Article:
Meeting News

Infection management in shoulder defined by timing, organism type

CHICAGO — Management of infection in the shoulder is based on the timing of the infection, the host and organism type, according to research presented here.

john Sperling ASES headshot
John W. Sperling

In his presentation at the American Shoulder and Elbow Surgeons Open Symposium, John W. Sperling, MD, MBA, noted that at the Mayo Clinic, infection is classified as positive culture at revision surgery (type 1), acute infection within 30 days of surgery (type 2), acute hematogenous infection (type 3) or chronic infection (type 4). For treatment, debridement should be considered in an early postoperative infection or acute infection with a well-functioning prosthesis, he noted. However, a type 4 infection would be treated with either a one- or two-stage procedure.

“It really does depend on the organism, as well as surgeon preference,” Sperling said.

According to Sperling, a two-stage implantation is the most accepted approach to treat a type 4 infection, with previously published studies showing positive results. Templating the spacer ahead of time can help make a two-stage procedure more efficient, he added, and it allows surgeons to customize the spacer by including antifungal agents if necessary. – by Casey Tingle

 

Reference:

Sperling JW. Infection: Retain or remove implant? — When do we have a choice and when not. Presented at: American Shoulder and Elbow Surgeons Open Symposium; Oct. 11, 2018; Chicago.

 

Disclosure: Sperling reports he received royalties from Biomet.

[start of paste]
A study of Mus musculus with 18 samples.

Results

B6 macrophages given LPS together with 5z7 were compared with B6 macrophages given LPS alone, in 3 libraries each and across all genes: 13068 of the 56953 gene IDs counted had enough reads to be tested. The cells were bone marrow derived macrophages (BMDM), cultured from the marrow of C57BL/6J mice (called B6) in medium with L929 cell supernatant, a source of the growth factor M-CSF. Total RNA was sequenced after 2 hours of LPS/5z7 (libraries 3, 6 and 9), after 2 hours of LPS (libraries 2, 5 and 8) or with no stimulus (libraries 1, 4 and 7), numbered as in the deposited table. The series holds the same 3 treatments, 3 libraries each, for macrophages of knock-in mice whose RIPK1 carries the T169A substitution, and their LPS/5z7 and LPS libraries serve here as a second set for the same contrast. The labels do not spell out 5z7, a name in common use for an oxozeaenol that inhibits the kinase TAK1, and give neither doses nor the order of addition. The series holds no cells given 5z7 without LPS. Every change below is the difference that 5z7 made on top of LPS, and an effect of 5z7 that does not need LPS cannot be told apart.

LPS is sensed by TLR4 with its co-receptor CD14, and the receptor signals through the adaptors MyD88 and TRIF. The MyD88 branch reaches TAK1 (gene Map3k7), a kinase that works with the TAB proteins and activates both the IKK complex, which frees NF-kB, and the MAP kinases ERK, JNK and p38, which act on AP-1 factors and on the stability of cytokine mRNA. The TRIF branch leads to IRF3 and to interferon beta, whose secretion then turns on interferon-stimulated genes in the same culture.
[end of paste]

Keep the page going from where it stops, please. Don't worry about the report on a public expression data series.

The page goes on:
CHICAGO — Management of infection in the shoulder is based on the timing of the infection, the host and organism type, according to research presented here.

john Sperling ASES headshot
John W. Sperling

In his presentation at the American Shoulder and Elbow Surgeons Open Symposium, John W. Sperling, MD, MBA, noted that at the Mayo Clinic, infection is classified as positive culture at revision surgery (type 1), acute infection within 30 days of surgery (type 2), acute hematogenous infection (type 3) or chronic infection (type 4). For treatment, debridement should be considered in an early postoperative infection or acute infection with a well-functioning prosthesis, he noted. However, a type 4 infection would be treated with either a one- or two-stage procedure.

“It really does depend on the organism, as well as surgeon preference,” Sperling said.

According to Sperling, a two-stage implantation is the most accepted approach to treat a type 4 infection, with previously published studies showing positive results. Templating the spacer ahead of time can help make a two-stage procedure more efficient, he added, and it allows surgeons to customize the spacer by including antifungal agents if necessary. – by Casey Tingle

 

Reference:

Sperling JW. Infection: Retain or remove implant? — When do we have a choice and when not. Presented at: American Shoulder and Elbow Surgeons Open Symposium; Oct. 11, 2018; Chicago.

 

Disclosure: Sperling reports he received royalties from Biomet.